Mobile application development: web vs. native

Authors: Andre Charland
Brian Leroux
Published in:
Cover Image
· Magazine
Communications of the ACM CACM Homepage archive
Volume 54 Issue 5, May 2011
ACM New York, NY, USA
table of contents doi>10.1145/1941487.1941504

It’s becoming increasingly expensive to develop your application for several native platforms. Even more so when the platforms themselves are also fragmented. Typically developers wanted to create native applications because of performance reasons. However, all the big companies have been in a “JavaScript Arms Race” which has increased the performance of JavaScript and most browsers. User experience is also highlighted as being fundamentally different between both platforms and even devices of same platform. Such things are sensors, screen size, and soft vs hard buttons. PhoneGap and HTML5 standards are helping to bring native functionality to web applications. However, it seems that a difficult problem for the web apps is to have a nice smooth scrolling. This problem is being worked on, along with others, and the trend seems to indicate that web apps will converge with native apps and one won’t be able to tell the difference.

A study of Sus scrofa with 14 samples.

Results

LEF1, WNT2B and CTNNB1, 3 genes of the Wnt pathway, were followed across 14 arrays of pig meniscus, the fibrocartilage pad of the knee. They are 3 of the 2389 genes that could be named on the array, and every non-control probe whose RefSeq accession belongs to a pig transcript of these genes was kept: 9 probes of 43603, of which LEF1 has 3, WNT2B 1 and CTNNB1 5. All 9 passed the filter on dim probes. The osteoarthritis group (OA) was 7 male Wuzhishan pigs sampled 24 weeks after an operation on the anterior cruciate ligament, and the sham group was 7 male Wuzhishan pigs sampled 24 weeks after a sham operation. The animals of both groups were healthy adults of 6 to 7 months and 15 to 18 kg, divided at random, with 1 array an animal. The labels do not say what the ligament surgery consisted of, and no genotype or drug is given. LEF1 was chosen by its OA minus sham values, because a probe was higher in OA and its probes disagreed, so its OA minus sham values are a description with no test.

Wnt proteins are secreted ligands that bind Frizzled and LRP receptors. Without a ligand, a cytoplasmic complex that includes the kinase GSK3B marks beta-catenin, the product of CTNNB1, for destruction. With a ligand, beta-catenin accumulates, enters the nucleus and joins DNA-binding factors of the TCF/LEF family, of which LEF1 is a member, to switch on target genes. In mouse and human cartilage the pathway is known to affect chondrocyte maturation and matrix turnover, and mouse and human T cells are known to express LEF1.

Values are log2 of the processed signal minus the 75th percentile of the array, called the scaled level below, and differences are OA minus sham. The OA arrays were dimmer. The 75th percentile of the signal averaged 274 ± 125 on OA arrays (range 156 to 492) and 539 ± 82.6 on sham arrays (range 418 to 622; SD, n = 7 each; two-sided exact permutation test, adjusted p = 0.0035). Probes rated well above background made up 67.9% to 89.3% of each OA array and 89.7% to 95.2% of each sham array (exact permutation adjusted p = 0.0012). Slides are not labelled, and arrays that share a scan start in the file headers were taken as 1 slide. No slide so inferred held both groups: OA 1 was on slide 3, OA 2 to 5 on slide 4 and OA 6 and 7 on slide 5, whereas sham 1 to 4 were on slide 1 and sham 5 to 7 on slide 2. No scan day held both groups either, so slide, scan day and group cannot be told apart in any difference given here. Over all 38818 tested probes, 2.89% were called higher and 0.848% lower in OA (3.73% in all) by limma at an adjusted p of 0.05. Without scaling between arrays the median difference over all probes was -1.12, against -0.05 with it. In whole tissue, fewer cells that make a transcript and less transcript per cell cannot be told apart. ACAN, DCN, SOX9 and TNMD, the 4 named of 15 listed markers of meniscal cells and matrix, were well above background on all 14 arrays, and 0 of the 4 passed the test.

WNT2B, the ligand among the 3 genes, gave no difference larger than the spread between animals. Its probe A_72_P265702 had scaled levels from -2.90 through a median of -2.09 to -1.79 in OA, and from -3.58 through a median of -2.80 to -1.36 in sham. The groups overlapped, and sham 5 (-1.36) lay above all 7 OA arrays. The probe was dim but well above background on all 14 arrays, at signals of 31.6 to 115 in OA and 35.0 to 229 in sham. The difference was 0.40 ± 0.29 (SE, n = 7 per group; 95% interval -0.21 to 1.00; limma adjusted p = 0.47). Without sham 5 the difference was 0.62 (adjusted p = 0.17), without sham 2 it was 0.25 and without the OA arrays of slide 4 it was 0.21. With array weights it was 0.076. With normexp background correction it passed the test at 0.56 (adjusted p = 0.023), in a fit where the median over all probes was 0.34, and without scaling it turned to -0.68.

About Frank Sposaro

Frank was the initial student to start the mobile lab with Dr. Tyson. After working on the first project, iFall, he and Dr. Tyson designed the Mobile Programming course as FSU. The course is used as a training base to recruit new students into the lab. His thesis researches several medical related applications, including iFall. Frank then went on to implement the redesign of the “favorite contacts” for Android’s Ice Cream Sandwich at Google HQ in Mountain View, California. He currently acts as a tech lead in the lab getting infrastructure and project management tools setup. He has special focus on native Android coding and UI design.